Roberto Henriquez is a first-generation, forty-something winemaker, but his shoulders bear the weight of both his previous generations and his organically farmed 200-year-old (!!!) vines.
There is something about the soil, the humidity of the air, the winds, the contrast between winter and summer months in the Bio-Bio region where Roberto makes his wine, which is, in his view, the most unspoilt place to make wine in Chile. The varieties here have never been attacked by Phylloxera (TLDR: a vicious louse that infected and killed nearly all of the world's grapes in the 1800s). The Andean mountains and the Pacific ocean created a geographical barrier that prevented the intrusion of the root louse... leaving Chile with some of the oldest vines in the world.
Despite the geographical barrier that protected the region from Phylloxera, Chile was by no means immune from European influence - colonization and an increasing export market in Chile put a high price on manicured and pure expressions of grape varietals.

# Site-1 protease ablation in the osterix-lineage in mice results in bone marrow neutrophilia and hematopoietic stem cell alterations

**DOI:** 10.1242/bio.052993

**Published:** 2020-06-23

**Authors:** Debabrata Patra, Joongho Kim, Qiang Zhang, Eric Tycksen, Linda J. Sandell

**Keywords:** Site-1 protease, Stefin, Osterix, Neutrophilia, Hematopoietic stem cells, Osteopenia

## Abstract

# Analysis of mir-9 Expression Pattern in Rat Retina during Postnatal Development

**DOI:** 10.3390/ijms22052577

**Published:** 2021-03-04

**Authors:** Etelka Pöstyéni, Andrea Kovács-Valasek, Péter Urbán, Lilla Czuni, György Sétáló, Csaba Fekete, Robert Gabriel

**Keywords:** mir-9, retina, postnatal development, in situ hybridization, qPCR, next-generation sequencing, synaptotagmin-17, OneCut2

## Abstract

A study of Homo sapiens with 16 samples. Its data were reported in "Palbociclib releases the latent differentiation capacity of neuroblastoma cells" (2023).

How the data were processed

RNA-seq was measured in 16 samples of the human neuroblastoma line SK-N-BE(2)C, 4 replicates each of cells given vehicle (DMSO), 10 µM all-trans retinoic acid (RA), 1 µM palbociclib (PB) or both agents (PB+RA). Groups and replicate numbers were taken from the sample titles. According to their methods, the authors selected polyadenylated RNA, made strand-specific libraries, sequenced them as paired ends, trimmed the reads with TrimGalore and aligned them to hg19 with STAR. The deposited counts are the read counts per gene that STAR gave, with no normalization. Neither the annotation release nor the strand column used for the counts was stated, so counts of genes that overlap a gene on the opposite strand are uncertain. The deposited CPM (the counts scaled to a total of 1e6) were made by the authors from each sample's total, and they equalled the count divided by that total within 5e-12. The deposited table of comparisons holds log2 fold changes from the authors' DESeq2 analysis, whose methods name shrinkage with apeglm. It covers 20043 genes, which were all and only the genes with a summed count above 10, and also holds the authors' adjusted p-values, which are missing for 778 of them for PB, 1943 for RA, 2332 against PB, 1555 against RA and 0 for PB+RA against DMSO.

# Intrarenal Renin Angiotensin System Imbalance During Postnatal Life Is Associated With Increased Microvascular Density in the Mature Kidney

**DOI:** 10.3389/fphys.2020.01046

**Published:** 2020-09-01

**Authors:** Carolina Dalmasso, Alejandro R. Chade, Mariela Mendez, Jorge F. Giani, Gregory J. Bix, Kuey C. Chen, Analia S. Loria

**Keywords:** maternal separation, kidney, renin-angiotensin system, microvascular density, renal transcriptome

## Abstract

But there is another Chile that can be remembered... It is Wallmapu, the could-be lush and thriving land of the Mapuche, a land where an intercultural harmonious way of living would include people like Roberto, who holds the two worlds with wisdom and humility. It is a mestizaje that brings the best of two cultures and cosmovisions.
In Henriquez's words, his vines are the "expression, the sincerity of an old vineyard, it is the purity of the earth speaking which found itself at the crossroads of two parallel worlds, the American and the European."